On Wednesday, a state government board will decide the future of Muncie Community Schools. It could return control of the “fiscally impaired” district back to school officials. Or, it could vote to let the state take full control of financial and academic matters. And, as IPR’s Tony Sandleben explains, that decision will also likely determine the future of the district’s superintendent.
“The board took no action. So, at this point, they still have time to make some other decisions and determine what they do.”
That’s Muncie Community Schools Superintendent Steven Baule. At the last scheduled school board meeting of the year Tuesday night, board members took no action on his employment contract with the school.
Board President Debbie Feick says that is because of the uncertain future the district is facing.
“Tomorrow is the DUAB meeting so there hasn’t been much clarity about our authority. It’s all pending.”
Feick says the school board is evaluating Baule and will determine if they will offer him an extension to his contract. That contract expires on June 30, 2018, but automatically renews for a year if the board takes no action by January 1st.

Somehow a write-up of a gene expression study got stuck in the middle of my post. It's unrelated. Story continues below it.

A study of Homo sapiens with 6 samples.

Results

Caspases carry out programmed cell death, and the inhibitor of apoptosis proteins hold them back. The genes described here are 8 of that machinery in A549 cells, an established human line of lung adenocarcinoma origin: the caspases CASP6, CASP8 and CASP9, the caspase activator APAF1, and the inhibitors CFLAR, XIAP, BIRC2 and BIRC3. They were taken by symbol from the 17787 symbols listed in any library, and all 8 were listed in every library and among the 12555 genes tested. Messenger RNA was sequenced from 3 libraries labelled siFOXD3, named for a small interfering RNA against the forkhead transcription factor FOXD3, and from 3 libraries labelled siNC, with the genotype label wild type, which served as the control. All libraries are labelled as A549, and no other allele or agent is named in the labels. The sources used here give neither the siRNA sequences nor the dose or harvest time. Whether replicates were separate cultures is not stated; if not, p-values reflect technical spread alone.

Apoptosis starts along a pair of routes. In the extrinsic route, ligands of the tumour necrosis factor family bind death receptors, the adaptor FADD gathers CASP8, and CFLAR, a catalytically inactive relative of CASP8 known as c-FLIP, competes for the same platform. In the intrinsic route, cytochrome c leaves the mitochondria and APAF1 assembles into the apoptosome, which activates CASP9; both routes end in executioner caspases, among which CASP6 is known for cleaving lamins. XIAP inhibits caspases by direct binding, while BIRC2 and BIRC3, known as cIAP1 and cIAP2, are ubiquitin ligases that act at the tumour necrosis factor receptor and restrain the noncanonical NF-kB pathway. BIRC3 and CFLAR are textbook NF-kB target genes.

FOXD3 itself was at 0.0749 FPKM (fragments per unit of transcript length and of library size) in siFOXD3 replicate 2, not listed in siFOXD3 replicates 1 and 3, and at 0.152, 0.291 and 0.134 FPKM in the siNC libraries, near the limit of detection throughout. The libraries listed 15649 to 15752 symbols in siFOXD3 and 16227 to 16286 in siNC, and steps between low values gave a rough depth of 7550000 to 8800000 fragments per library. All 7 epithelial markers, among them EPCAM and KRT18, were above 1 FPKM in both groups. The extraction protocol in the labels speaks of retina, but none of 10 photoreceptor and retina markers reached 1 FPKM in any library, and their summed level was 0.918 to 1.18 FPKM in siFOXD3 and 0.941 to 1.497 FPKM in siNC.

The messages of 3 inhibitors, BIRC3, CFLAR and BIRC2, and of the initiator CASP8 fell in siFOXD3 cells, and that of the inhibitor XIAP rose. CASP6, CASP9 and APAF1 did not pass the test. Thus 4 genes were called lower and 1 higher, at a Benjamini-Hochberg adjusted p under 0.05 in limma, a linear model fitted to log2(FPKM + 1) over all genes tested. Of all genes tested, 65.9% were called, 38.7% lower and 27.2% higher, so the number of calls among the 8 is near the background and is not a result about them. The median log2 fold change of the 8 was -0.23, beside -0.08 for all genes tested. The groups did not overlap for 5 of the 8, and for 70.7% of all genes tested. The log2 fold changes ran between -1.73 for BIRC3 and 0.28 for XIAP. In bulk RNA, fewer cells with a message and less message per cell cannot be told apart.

Feick says she does not know if the school board or a state-appointed emergency manager will have the final say in his contract.
If Baule is granted an extension, a public hearing will be held to discuss it. But Feick wanted to make something about the hearing clear.
“We must conduct a public hearing not about his merits as the superintendent, but about the content of the contract, and I think there’s confusion in the community about what that meeting might entail.”
Baule is being sued by a former employee who claims he made racist, sexist and intimidating remarks in the workplace. The district and the school board are also named in the lawsuit. On Tuesday night, Baule said he would not comment on the issue.